It is no secret that any type of criminal arrest, charge, or conviction can greatly alter an individual’s working life. A conviction of Driving Under the Influence (DUI), or Driving While Intoxicated (DWI), can have a severe negative impact on the offender’s career. Additionally, individuals who are charged with impaired driving but not convicted can still be affected and those who hold commercial driver’s licenses (CDLs) can face dire consequences since driving is a large part of how they make their living.
Employers can choose to conduct a background check on their employee for any number of reasons, some of which are more valid than others. Depending on how this check is conducted, it is possible for the employer to become aware of a DUI or DWI charge based on the findings. While the employer may be aware of a DUI charge or conviction, the law limits how much information an employer has access to as well as if a DUI or DWI charge will have any effect on the employees current or future employment.
State Laws Prevailing Over Background Checks
In most states, employers are allowed by law to refuse employment to anyone who has a conviction on his or her record and some states even allow employers to refuse job applicants who have an arrest record. Some states, however, have set legal standards that require an employer to prove the relevance of a conviction to the job being applied for or the job the employee currently holds. These states include Arizona, Colorado, Florida, Kansas, Hawaii, Minnesota, New Mexico, Wisconsin, and nine other states.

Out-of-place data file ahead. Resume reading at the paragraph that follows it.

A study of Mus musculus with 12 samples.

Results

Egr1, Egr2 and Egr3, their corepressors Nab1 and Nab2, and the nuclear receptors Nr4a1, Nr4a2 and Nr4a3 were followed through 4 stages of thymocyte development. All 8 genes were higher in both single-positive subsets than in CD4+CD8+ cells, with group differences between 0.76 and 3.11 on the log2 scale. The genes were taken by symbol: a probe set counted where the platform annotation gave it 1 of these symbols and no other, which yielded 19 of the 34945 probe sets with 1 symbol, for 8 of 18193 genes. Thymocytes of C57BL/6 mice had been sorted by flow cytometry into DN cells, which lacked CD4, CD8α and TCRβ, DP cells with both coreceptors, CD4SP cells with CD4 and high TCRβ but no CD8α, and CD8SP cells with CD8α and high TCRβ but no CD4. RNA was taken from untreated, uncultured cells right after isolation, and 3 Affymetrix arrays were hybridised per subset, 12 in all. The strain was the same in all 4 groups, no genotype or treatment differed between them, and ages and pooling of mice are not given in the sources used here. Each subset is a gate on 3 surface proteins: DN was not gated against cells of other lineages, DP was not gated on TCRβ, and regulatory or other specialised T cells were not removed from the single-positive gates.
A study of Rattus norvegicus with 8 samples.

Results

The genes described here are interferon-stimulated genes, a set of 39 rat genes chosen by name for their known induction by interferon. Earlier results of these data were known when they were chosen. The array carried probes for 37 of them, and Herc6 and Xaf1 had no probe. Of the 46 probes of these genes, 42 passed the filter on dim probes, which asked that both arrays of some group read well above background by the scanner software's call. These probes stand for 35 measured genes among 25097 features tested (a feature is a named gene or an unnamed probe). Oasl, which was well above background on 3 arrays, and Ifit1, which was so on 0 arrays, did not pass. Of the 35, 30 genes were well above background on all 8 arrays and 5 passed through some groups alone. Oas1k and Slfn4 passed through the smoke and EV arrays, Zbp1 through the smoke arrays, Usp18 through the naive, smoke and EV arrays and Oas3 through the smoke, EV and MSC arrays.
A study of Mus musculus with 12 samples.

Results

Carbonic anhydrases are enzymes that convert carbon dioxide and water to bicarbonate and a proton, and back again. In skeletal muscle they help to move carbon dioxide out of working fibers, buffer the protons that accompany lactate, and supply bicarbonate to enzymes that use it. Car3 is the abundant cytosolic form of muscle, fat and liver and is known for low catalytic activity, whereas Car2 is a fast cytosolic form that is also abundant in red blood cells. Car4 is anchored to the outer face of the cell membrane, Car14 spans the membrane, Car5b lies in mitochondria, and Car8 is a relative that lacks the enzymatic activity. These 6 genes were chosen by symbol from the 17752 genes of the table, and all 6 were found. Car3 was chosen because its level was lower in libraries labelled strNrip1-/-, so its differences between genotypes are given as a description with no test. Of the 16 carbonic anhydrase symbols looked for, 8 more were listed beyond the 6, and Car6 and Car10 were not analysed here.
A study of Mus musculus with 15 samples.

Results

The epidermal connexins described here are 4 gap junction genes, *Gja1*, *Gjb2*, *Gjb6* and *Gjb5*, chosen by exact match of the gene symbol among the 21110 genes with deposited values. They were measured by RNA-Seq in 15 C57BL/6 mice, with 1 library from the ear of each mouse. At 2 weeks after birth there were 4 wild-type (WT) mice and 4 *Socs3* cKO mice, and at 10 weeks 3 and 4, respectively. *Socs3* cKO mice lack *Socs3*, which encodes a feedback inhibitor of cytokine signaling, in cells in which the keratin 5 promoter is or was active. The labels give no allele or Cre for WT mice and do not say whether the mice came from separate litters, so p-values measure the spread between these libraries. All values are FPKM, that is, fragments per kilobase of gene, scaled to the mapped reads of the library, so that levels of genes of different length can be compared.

Any individual who is interested in or currently working with children, the elderly or disabled, and other specialized jobs will be required to have a background check performed. It is important to note that just because a background check is being performed does not mean that the applicant will be barred from employment from a DUI or DWI charge – this does mean, however, that an employer will now take note of the offense and consider it a character flaw in the applicant that could stop them from getting hired.
Federal Laws Prevailing Over Background Checks
All states, regardless of local laws, are governed by the Fair Credit Reporting Act, or FCRA. This regulation applies to background checks performed by outside organizations but have no bearing over the in-house background checks done by employers. The FCRA prohibits reporting of criminal arrests after a period of seven years while criminal convictions can be reported indefinitely. Additionally, the reporting restrictions set forth by FCRA only apply to jobs with yearly salaries of $75,000 or more.